One of the most frequently-asked questions we receive from BG brides is how to plan a wedding when life hits you the hardest. I've seen my loved ones struggle with this firsthand: One relative got laid off (after 10+ years on the job) a month before she got married. Another friend reached her low point when her father-in-law was diagnosed with cancer and underwent chemotherapy a few months before her big day.
Google "wedding ideas" and you'll get about 9.89 million results, but there's no guidebook for what to do when you don't have a mom to wedding dress shop with you, or you're forced to Skype cake options with your fiancé who is stationed overseas in the military. The lack of information out there on how to plan a wedding during tough times led us to some of our favorite wedding pros for practical advice that will not only help you get through this challenging period, but also find some joy in the process.
We also reached out to real brides who have walked in your shoes and we were inspired by their stories of perseverance and hope that you are, too!
How to cope when...
The first challenge for any couple in crisis is whether they should cancel, postpone or move forward with their wedding. “The right decision needs to be made by the couple based on their means, the health of the individuals, and if rushing it will cause them too much stress,” said Sasha Souza, a celebrated California-based celebrity wedding planner and author of “Signature Sasha: Magnificent Weddings by Design.”
Souza has guided clients through this difficult process for Wish Upon a Wedding (where she’s the Founding National President), a non-profit that grants weddings to couples faced with terminal illness and serious life-altering circumstances. So far, they’ve granted 50 wishes to very special couples: “The adversity they overcome each day and the level of faith they have that they will overcome whatever obstacles are placed in front of them is incredibly inspiring.” (Find out how you can donate to this worthwhile cause here.)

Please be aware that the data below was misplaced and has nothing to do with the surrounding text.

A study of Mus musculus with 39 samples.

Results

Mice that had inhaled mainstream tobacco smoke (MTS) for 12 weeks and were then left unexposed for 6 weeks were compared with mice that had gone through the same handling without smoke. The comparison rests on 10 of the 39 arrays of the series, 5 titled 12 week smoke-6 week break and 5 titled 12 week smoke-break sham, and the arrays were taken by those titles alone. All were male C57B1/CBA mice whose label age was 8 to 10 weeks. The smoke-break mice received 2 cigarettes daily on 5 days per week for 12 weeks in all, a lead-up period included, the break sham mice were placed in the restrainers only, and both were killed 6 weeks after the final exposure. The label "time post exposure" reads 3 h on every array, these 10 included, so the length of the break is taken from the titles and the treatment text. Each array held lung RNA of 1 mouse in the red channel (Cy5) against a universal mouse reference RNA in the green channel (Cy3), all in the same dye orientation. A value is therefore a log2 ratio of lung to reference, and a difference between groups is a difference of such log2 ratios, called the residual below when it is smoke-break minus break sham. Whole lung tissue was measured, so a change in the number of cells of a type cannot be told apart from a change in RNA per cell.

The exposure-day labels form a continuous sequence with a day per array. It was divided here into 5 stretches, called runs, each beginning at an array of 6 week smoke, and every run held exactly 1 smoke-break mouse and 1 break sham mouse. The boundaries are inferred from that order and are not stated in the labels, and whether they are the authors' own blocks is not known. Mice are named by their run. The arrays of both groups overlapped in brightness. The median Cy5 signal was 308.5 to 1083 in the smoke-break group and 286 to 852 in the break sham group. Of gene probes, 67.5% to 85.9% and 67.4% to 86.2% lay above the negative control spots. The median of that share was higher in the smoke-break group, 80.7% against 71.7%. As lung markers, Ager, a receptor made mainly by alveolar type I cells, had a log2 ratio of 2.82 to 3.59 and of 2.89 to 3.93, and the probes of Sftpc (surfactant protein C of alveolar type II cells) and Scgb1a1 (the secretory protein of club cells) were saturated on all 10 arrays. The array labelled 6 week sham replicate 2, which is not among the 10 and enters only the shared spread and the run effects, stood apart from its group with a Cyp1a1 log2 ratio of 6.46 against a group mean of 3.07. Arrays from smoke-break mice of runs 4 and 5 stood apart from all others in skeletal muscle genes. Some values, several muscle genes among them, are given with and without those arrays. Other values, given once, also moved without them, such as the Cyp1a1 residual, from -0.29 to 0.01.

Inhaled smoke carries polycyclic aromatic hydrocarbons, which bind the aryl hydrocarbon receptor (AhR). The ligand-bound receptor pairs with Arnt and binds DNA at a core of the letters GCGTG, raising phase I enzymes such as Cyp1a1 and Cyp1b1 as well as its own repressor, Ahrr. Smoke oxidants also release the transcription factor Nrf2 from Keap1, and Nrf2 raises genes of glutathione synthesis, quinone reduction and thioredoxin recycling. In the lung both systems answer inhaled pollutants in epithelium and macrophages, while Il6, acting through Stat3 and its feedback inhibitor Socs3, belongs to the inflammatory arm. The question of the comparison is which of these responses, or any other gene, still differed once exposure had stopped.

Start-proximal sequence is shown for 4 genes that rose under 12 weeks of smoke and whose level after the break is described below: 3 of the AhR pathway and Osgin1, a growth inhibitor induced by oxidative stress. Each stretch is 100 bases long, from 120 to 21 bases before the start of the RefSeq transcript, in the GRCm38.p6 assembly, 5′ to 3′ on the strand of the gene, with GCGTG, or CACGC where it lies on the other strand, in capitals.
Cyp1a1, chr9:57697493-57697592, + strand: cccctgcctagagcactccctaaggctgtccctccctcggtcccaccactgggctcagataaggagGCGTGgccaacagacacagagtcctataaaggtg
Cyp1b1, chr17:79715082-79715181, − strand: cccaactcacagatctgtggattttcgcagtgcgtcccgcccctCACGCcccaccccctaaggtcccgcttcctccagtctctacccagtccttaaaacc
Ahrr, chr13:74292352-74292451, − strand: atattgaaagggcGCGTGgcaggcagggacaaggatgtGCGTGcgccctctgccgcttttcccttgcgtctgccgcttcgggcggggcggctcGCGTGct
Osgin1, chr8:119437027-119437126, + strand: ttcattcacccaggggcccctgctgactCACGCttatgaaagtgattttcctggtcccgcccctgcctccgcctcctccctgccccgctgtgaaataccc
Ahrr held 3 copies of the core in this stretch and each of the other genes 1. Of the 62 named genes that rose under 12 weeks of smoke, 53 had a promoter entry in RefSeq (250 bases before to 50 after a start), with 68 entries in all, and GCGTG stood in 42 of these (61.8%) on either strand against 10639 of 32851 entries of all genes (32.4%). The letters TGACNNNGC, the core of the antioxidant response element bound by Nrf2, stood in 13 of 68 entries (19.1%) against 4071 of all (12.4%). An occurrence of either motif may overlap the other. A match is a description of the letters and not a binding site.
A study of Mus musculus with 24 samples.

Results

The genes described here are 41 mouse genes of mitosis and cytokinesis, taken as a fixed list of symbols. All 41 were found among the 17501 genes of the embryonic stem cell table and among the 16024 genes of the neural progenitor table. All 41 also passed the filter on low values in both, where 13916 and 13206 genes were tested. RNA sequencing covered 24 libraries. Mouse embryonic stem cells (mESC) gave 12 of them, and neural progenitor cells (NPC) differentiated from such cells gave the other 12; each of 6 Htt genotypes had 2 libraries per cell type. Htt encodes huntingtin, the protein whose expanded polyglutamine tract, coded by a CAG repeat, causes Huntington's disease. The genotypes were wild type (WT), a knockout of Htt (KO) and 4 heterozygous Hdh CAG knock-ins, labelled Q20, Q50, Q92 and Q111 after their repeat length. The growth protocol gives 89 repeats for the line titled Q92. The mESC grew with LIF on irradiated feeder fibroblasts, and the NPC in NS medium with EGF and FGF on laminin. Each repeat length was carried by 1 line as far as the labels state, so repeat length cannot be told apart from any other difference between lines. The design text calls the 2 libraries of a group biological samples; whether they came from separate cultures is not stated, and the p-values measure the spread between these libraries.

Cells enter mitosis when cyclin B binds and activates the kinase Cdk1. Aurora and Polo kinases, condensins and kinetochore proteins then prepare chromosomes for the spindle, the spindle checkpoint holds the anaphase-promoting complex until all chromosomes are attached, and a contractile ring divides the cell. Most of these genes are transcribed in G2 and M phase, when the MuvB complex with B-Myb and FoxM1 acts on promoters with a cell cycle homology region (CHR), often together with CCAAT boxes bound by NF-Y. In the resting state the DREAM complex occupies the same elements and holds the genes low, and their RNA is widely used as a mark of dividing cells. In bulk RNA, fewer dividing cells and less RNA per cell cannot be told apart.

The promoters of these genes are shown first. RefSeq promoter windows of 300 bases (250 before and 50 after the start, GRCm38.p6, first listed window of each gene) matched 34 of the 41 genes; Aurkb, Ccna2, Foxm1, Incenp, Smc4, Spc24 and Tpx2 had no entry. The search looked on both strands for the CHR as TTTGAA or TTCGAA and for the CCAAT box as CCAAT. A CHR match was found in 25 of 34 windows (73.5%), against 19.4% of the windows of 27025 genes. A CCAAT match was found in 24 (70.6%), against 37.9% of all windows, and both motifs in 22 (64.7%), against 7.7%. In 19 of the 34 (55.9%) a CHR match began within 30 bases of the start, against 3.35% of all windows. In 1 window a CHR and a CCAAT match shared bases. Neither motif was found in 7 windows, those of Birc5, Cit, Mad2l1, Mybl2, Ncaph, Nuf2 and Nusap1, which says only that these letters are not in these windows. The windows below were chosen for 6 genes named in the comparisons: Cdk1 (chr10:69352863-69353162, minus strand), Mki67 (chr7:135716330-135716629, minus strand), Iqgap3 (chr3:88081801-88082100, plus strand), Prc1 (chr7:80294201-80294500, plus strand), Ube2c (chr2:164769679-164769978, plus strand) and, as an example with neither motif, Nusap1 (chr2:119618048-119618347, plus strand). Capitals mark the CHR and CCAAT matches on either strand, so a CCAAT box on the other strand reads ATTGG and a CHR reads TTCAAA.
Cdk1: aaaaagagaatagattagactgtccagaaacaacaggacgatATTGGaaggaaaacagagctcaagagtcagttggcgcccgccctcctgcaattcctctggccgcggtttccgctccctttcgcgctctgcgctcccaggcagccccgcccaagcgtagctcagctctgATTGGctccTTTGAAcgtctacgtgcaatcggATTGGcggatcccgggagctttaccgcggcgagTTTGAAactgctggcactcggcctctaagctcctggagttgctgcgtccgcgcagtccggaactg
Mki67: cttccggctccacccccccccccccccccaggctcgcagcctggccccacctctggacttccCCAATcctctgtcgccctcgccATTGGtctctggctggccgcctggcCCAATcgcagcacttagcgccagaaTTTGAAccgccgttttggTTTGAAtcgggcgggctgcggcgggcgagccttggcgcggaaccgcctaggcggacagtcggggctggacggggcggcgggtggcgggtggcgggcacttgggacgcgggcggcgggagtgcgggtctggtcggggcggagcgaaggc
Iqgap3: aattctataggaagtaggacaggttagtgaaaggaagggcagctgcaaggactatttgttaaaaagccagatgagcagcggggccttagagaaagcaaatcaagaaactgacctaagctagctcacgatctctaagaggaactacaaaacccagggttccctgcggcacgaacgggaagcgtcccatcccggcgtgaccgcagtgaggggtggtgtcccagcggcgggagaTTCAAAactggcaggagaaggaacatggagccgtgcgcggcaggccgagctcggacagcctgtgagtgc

Although your first inclination may be to just throw a quickie ceremony followed by a larger reception at a later date, Souza’s clients tend not to choose this option since it can also be quite stressful. In addition to considering the emotional ramifications, it may be necessary to meet with a lawyer to discuss the legal/tax consequences of getting married while you or your spouse is sick or incapacitated. Be flexible—Souza recommends asking vendors in advance if they will credit you for a sooner date (most likely a weekday) should you need to change your plans on short notice.
If you’ve already hired vendors under contract, you may be charged cancellation or postponement fees, so in some situations it may be smarter to stick to your original wedding date. If, for some reason, a loved one can’t make it to your big day, talk with your photographer and videographer about providing footage that they can see quickly once it’s over.